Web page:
RetroHash

Album Review of RetroHash by Asher Roth.


Asher Roth

RetroHash by Asher Roth

Release Date: Apr 22, 2014
Record label: !K7
Genre(s): Rap, Alternative Rap

60 Music Critic Score

HipHopDX - 70
Based on rating 3.5/5
70

As Hip Hop gradually embraced its commercial success over the years, so too did dozens of emcees and producers looking to make the next big radio hit and enjoy an early retirement. In 2009, Asher Roth did just that when his hit single “I Love College” dominated the airwaves, peaking at 12 on the Billboard “Hot 100.” But as time passed, Hip Hop’s gangliest emcee distanced himself from the successful party anthem, growing his hair out and hiding from the spotlight cast upon him. As it turns out, not all of today’s artists have placed fame and fortune over their love of music after all.

Based on rating 5/10
50

Future rap historians will no doubt come across the expansion of frat-rap in the 2010s. Frat-rap (or Frapt as I’m attempting to trademark it as) is the sound of artists like Mac Miller. White college age dudes rapping about exorbitant lifestyles, acclaimed by bros across the world and generally panned by everyone else. But something happened.

Their review was only somewhat favourable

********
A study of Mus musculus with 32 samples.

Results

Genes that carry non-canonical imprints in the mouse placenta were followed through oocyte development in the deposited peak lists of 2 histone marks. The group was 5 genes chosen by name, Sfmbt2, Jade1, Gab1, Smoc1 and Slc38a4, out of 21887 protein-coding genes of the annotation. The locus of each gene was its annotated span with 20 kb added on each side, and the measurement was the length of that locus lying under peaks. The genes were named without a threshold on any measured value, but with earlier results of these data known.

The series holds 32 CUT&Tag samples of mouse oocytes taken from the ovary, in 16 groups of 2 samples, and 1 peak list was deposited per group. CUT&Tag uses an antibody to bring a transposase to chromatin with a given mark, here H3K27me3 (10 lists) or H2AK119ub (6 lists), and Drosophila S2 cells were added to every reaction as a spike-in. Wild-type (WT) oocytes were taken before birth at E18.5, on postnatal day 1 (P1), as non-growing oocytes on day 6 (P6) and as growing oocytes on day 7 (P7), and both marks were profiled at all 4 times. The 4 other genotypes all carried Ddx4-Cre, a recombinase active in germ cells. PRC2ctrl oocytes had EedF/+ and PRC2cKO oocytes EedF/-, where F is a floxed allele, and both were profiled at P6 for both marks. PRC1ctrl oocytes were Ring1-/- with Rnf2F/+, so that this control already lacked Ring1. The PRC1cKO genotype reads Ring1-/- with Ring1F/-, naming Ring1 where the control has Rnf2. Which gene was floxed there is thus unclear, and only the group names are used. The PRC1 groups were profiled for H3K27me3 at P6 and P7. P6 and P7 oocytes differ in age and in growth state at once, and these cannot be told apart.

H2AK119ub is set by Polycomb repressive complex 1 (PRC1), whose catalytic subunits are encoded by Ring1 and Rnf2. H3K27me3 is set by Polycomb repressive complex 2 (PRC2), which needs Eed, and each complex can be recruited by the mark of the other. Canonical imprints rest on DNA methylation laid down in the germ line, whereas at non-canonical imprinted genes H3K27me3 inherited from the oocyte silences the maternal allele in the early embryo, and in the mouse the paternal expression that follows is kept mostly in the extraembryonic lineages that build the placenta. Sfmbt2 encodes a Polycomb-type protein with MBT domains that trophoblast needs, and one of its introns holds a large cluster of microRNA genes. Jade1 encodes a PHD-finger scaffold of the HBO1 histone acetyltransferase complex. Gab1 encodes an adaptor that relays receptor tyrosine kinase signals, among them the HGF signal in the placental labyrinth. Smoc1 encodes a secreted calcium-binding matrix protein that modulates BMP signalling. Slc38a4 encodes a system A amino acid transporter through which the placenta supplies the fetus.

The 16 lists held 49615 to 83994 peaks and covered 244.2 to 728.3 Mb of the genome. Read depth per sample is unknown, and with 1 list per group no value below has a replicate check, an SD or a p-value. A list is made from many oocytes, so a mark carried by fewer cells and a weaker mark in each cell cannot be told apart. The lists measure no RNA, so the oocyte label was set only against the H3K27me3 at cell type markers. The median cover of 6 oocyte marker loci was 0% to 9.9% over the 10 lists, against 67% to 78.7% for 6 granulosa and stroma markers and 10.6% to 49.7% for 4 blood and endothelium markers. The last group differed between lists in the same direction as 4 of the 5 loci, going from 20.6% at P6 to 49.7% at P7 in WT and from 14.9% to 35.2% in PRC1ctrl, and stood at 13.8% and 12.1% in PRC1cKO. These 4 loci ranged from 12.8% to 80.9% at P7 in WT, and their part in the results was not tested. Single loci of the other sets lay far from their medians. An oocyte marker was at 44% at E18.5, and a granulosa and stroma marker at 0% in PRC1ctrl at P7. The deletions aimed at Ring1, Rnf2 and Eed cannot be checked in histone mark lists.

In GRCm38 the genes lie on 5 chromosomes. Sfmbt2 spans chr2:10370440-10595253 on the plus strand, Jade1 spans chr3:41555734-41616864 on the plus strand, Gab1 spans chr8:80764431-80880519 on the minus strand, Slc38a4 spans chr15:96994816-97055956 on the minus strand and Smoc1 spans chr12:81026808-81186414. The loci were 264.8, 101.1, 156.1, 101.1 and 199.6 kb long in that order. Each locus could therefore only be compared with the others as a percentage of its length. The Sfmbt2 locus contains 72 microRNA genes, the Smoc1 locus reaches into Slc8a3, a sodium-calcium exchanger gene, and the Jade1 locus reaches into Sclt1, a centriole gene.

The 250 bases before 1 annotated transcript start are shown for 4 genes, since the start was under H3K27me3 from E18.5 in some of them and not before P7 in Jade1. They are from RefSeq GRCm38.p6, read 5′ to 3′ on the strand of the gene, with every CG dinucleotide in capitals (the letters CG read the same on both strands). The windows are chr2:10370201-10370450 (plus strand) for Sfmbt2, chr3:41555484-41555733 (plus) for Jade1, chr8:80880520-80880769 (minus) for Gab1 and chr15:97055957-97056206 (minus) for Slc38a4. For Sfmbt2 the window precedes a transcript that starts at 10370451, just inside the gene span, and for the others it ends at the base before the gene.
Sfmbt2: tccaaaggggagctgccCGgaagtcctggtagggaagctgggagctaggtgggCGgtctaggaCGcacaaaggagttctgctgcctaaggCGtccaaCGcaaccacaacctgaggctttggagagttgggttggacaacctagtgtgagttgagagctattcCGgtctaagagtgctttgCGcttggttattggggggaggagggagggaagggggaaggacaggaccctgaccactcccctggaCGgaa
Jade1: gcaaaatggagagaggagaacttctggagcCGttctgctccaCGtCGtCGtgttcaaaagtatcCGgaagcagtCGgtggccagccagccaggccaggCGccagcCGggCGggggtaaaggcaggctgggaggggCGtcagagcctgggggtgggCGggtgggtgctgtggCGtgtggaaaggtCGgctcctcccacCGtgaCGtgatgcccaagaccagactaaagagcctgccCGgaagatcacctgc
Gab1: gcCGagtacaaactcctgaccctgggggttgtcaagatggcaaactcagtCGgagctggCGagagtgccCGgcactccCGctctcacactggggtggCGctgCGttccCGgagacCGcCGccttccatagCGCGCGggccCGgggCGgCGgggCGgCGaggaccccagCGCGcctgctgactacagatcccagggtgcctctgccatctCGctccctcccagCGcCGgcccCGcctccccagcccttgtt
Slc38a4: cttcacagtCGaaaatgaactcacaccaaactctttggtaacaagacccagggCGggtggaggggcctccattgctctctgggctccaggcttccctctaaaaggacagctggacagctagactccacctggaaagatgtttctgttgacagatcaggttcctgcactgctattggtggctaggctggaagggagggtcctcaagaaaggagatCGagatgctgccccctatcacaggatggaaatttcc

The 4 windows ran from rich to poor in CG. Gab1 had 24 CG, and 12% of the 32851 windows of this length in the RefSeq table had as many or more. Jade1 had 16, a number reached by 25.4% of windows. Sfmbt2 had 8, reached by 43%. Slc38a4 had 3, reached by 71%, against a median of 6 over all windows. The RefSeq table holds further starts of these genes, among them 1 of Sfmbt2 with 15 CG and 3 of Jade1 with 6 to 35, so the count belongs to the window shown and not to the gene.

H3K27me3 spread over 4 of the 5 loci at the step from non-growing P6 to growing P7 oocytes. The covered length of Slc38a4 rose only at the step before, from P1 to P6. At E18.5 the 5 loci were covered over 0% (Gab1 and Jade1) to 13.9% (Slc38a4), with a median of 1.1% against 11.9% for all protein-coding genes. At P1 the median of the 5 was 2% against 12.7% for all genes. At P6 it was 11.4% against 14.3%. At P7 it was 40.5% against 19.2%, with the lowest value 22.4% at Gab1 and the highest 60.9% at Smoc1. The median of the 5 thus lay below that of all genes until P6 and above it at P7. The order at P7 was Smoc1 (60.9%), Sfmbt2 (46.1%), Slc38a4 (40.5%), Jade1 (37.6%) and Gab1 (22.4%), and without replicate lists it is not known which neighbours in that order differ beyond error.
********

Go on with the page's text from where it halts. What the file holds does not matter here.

Remember Asher Roth? The bushy-haired Pennsylvania native, who signed to Steve Rifkind’s SRC label via Def Jam, before earning his way onto the cover of the ’09 Freshmen issue? In the aftermath of his much maligned debut, Asleep In The Bread Aisle, a fun, semi-pop crossover record that didn’t quite land with fans as expected in the wake of his massive frat hit, “I Love College,” Asher’s career has taken a bit of a detour and he now finds himself in indie label no man’s land. Being afforded that kind of freedom can be good for a rapper’s artistic integrity and long term success – take RetroHash contributor Curren$y for instance – but it can also be a buzz-eviscerating black hole. With the oft-delay sophomore LP, RetroHash, Asher Roth explores creative autonomy with marginal success but the album’s lack of a grounding influence makes its sonic palette far too much of an acquired taste.